A D-notice, the UK’s way of censoring military information, is being considered as a way of allowing Prince Harry to be deployed to a war zone in secret, according to the Observer today. General Sir Richard Dannatt, head of the army, has blamed media coverage for the decision not to send the third in line to the throne to Iraq with his squadron.
He has said: "This close scrutiny has exacerbated the situation and this is something I wish to avoid in the future." Yesterday, the Daily Telegraph also mentioned D-notices saying "observers" suggested the Ministry of Defence and Clarence House had left themselves "hostages to fortune" by announcing the deployment instead of using the D-notice committee and the Press Complaints Commission to request a media blackout.
It is difficult to see how a D-notice, recommended by the Defence Press and Broadcasting Advisory Committee which includes media representatives, could be effective. British media would abide by it but it has no force in the rest of the world and it does not stop militias gathering intelligence.
Someone would notice that the Prince was no longer at his base in Warminster or his favourite watering holes. The news would soon be out even if it was not in the British news. Perhaps, the military who have got egg all over their faces, are trying to demonstrate that they are doing their best to to deploy Prince Harry but not to actually send him.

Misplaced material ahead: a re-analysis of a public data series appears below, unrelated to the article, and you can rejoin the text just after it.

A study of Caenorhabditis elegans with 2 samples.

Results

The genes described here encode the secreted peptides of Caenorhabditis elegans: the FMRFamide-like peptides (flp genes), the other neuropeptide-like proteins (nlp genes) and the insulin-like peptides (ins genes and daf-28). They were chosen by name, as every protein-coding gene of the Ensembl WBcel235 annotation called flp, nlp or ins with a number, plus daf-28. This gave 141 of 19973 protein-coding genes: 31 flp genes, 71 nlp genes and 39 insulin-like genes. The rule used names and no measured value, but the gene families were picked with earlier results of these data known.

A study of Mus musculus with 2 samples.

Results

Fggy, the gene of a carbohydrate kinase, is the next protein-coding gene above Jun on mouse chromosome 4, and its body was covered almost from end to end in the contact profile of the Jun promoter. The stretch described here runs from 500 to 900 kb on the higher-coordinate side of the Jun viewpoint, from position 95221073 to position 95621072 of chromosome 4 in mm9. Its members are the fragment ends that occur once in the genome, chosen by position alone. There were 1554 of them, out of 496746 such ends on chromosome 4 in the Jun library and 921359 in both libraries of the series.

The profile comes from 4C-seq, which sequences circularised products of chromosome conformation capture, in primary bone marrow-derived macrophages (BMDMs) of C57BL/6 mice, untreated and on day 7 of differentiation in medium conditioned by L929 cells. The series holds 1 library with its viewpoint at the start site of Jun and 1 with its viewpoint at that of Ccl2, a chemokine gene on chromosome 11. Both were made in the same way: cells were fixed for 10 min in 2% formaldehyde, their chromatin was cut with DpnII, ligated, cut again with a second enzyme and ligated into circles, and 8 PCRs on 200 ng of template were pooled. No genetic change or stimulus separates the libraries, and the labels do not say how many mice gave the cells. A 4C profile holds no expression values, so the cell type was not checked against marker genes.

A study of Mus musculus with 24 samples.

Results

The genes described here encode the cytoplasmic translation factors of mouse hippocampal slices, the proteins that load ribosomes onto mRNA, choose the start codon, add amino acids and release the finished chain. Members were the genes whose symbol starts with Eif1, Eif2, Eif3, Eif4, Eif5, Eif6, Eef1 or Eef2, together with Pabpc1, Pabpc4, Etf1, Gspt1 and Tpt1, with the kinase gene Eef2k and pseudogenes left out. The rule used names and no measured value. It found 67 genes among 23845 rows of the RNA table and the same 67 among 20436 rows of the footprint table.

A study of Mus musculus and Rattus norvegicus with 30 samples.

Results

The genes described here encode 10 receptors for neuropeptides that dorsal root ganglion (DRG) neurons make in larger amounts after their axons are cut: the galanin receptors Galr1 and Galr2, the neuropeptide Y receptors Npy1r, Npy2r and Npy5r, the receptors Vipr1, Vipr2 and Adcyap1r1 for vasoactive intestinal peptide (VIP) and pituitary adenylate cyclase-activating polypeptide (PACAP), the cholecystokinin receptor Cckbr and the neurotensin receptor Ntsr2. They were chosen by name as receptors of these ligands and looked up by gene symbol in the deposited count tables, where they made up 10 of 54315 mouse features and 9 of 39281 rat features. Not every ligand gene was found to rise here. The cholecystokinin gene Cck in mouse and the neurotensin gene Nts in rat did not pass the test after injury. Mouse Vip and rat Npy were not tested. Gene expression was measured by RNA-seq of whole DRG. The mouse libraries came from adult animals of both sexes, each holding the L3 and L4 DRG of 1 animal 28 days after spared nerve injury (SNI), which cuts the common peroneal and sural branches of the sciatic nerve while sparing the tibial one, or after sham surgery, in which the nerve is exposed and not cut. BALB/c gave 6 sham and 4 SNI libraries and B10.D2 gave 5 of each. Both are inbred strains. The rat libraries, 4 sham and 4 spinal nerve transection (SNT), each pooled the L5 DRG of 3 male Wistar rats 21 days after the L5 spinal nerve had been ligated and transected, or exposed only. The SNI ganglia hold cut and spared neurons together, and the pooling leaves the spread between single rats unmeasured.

Canute-like they would be able to demonstrate they were powerless. Later: A further thought on D-notices. The whole rather gentlemanly system looks increasingly fragile in the age of the web and blogs. It depends on rather broad notices — in this case it might be a prohibition of publishing details of and, if there is doubt, discussion between an editor and the secretary of the advisory committee.
The probelms are recognised as this answer to a FAQ on the D-notice website illustrates: The DA-Notice system has never been a watertight, 100% system. Not only its voluntary nature, but also the enormous diversity of the British media (including some small outlets that have never followed the DA-Notice guidance), mean that it has always been a ‘damage limitation’ system.
The internet has produced some new considerations, and many unanswered questions about the future, but the very size and diversity of the net means that, just because something is on a foreign website, it does not necessarily mean that it has immediately been widely seen.